The Competition and Markets Authority (CMA) fears Motorola could make ‘excess profits’ arising from delays.
The ongoing saga of Airwave and Great Britain’s Emergency Services Network (ESN) is not an inspiring one. The current network, Airwave, is used by all the emergency services in England, Scotland and Wales.
They will also use the much-delayed new ESN, whose launch has been moved from 2019 to 2026.
Now the CMA is consulting on whether to launch a market investigation into Motorola’s Airwave network. Concerns have been raised by the Government, the National Audit Office and the Public Accounts Committee regarding Motorola’s position and incentives to deliver ESN, given the continuing high profitability of the Airwave network.
The CMA is particularly concerned that Motorola could stand to make excess profits of about £1.2 billion in the period from 2020 to 2026 which will be paid by the British taxpayer.
The CMA’s initial review of the evidence available indicates that the supply of the Airwave network in Great Britain is not working well, resulting in significant detriment to customers and the taxpayer.
Given the nature and significance of the issues the CMA has identified, it has reached the initial view that further investigation is needed.
Andrea Coscelli, Chief Executive of the CMA, said, “At the moment, Motorola is the only provider of critical mobile radio network services used by our emergency service workers and is involved in both the current and future set-up.
“We’re worried that the company could be cashing in on its position, while taxpayers are left to foot the bill.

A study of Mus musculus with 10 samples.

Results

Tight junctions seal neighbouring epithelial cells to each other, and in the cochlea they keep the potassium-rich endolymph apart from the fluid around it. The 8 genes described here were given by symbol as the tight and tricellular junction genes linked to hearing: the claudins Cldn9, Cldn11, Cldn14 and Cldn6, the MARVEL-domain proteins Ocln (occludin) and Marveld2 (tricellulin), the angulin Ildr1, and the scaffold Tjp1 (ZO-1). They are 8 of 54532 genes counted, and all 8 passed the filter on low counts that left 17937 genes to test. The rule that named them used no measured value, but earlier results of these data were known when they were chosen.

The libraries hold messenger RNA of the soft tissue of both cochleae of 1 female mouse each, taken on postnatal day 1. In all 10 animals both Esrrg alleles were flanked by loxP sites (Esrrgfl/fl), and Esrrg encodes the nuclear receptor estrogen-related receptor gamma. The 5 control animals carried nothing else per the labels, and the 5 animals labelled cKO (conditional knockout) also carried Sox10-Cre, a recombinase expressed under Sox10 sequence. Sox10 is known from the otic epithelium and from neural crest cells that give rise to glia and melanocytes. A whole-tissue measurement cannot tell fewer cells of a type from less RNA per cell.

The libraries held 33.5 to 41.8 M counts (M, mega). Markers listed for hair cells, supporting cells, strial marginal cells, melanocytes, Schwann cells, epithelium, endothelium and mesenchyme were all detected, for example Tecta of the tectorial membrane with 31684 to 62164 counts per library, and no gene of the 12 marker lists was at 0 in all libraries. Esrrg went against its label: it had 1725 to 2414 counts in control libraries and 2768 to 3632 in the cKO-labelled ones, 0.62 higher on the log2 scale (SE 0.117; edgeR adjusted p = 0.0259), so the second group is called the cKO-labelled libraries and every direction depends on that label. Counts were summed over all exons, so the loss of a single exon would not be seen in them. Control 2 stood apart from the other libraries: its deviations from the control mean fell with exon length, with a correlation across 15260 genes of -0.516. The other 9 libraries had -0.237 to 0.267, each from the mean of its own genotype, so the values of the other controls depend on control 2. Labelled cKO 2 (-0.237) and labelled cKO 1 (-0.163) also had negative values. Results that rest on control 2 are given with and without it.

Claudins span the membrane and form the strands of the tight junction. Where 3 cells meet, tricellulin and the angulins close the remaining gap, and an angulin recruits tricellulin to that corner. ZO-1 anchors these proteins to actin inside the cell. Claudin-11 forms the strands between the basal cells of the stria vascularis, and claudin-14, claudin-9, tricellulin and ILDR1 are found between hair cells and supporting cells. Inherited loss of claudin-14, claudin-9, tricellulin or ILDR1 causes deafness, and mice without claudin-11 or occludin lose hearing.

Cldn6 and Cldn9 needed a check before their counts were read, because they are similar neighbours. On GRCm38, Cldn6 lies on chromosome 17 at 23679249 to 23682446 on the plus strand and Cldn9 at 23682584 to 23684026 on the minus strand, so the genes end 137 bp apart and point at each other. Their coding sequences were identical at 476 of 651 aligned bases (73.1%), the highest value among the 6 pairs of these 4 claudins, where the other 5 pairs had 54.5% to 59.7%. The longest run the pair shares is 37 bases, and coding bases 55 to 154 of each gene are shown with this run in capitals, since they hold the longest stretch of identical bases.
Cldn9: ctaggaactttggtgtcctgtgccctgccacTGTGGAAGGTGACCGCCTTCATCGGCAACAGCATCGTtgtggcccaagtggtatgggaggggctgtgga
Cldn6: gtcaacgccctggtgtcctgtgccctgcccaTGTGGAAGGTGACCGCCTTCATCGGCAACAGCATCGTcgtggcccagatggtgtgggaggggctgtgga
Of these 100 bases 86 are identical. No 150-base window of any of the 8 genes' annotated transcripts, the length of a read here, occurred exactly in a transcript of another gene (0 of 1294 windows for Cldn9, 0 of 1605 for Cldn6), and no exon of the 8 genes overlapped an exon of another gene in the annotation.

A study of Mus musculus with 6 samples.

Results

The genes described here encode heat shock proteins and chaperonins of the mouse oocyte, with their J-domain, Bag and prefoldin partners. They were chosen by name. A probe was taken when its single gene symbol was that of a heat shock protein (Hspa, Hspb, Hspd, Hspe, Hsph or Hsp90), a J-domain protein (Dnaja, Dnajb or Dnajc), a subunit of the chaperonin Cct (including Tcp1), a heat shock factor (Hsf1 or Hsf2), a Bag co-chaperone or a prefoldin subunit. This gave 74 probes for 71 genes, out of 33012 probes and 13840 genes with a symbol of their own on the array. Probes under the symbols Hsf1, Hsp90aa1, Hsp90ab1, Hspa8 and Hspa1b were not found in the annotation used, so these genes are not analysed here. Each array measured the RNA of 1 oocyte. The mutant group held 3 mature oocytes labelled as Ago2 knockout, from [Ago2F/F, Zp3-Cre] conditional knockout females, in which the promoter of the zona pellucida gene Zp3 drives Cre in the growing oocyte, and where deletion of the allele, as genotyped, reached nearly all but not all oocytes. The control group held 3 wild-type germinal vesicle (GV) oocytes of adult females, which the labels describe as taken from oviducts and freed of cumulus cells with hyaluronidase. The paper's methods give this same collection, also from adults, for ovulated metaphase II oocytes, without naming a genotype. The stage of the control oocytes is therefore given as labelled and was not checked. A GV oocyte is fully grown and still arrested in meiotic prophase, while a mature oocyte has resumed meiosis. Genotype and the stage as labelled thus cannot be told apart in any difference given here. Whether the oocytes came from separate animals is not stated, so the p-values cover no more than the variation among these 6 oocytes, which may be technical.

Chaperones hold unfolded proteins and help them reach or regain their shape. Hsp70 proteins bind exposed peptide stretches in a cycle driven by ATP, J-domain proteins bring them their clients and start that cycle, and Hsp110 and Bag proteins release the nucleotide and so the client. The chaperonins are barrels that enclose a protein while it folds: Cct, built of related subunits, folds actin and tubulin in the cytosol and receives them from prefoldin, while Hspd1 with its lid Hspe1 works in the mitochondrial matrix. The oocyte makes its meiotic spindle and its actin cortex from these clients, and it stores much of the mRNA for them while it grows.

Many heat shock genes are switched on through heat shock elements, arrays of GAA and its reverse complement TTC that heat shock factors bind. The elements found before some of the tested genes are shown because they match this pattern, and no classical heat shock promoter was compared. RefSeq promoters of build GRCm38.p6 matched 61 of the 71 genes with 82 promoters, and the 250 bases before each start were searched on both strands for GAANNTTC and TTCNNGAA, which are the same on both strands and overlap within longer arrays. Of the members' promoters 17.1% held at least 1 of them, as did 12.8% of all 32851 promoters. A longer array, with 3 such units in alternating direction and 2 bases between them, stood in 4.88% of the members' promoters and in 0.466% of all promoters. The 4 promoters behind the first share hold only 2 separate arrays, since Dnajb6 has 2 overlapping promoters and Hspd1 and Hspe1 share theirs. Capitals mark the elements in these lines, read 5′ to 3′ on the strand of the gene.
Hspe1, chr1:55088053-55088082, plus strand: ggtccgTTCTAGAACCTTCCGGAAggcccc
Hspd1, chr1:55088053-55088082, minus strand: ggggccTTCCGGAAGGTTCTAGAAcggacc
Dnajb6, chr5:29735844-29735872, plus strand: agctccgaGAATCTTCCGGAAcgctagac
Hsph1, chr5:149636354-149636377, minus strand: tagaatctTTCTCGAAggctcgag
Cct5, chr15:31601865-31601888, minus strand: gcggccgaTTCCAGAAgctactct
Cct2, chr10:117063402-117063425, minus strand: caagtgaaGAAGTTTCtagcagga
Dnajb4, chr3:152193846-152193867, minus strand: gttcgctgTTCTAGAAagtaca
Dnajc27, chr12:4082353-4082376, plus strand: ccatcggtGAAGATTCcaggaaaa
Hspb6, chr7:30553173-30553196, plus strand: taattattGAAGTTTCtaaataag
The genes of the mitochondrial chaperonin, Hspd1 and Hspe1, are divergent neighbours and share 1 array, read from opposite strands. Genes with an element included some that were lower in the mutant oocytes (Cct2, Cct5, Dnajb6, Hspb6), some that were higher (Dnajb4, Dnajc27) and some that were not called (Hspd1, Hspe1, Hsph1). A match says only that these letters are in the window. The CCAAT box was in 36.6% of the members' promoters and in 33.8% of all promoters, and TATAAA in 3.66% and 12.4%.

“The CMA is minded to launch a market investigation to dig deeper into its concerns and will now consult with a range of stakeholders, including the Government, on its plans.”
Motorola acquired Airwave in February 2016, two months after it had entered into a contract with the Government to provide software for ESN, intended to replace Airwave.
The merger was cleared by the CMA, in part because of the expectation of the Government that the Airwave network would be shut down by 2019.
While the probe is still in early stages, the CMA has identified two potential solutions in its consultation that may, in principle, be available should a market investigation confirm its initial concerns: regulate Motorola’s rate of return in relation to the Airwave network or require Motorola to sell the Airwave network.
The CMA is required to consult before making a market investigation reference. Following its consultation, which is open until 2 September 2021, the CMA will decide whether to launch a market investigation.